Police seek new victims of abuse Molested teens told to step forward

October 23, 1992|By Darren M. Allen | Darren M. Allen,Staff Writer

Westminster police say a 46-year-old football coach who was charged with child sexual abuse in September may have molested many other teen-age boys over the past decade, and they want anyone who may have been victimized to come forward.

Richard T. Mercer of Daniel Drive was arrested Sept. 19 after police charged him with child abuse, battery and fourth-degree sexual abuse.

A 15-year-old boy told police that he was fondled by Mr. Mercer and forced to perform sex acts Sept. 18.

Mr. Mercer, who operates a trash-hauling business, could not be reached yesterday. He was released on his own recognizance after his arrest.

Since Mr. Mercer's arrest, two other possible victims have come forward and additional criminal charges are being considered, said Westminster Police Lt. Dean Brewer.

Mr. Mercer is a longtime coach for the Westminster Optimist Club football program, which fields teams of boys under high school age.

Mr. Mercer has been suspended from the program pending the outcome of his criminal case, State's Attorney Thomas E. Hickman said yesterday at a news conference in his office.

Attempts to reach Optimist Club officials were unsuccessful last night.

Mr. Mercer is no stranger to county high school students and their parents, Mr. Hickman said. He has coached, officiated and volunteered at school athletic activities for at least the past 10 years.

Before he began coaching for the Westminster Optimists, he served as a volunteer at North Carroll High School.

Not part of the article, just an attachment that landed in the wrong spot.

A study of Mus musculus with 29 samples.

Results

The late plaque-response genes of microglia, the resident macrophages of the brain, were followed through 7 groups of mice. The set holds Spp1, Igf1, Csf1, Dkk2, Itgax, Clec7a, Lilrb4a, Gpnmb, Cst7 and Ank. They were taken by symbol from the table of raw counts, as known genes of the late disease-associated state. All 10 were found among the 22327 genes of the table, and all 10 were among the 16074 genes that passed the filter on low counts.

According to Lieutenant Brewer and District Court charging documents, the boys knew and trusted Mr. Mercer. He would take them to his home or to another location -- often with the blessing of the victim's family -- and offer them alcohol.

When the boys were drunk, he would begin to rub them with hand lotion or witch hazel, then fondle them, Lieutenant Brewer said.

"Through his connections as a football coach, umpire and assistant coach, he would meet his victims," Lieutenant Brewer said.

"He would make close friends of these boys and gain their trust."

Officials publicized Mr. Mercer's arrest yesterday in the hope that other possible victims may come forward.

Mr. Hickman and Assistant State's Attorney Kathi Hill called for any boys who believe they have been victims of this type of sexual abuse to call Lieutenant Brewer at the Westminster Police Department, 848-4646.

The prosecutors said that many of the attacks might have occurred years ago.

Some are said to have taken place in the attacker's home, some at a Gettysburg campground and others at overnight outings in Pennsylvania and Virginia.

Ms. Hill, who heads the child abuse investigation unit at the state's attorney's office, said that even someone who believes he was assaulted years ago should call police.

In Maryland, child abuse cases have no statute of limitations, and charges can be brought and prosecuted for abuse after years or even decades.

"It takes a lot of courage to come forward, especially since some of these boys now are grown up and have families," Ms. Hill said.

Anyone who comes forward will be offered counseling and will not have his name publicized, she said.

"The effects of child abuse are long-lasting, but victims have to realize that it is not their fault," Ms. Hill said.

The allegations against Mr. Mercer come three years after the sentencing of the man Circuit Judge Luke K. Burns Jr. said was responsible for "the worst case of child molestation" in count history.

Clarence Yinger, the former president of the Gamber Volunteer Fire Company, is serving 38 years of an 88-year prison sentence vTC on his conviction for abusing eight junior fire fighters ages 11 to 16.

Ms. Hill said yesterday that although Yinger was found guilty of abusing only eight boys, as many as 42 possible victims came forward during the police investigation that led to his trial.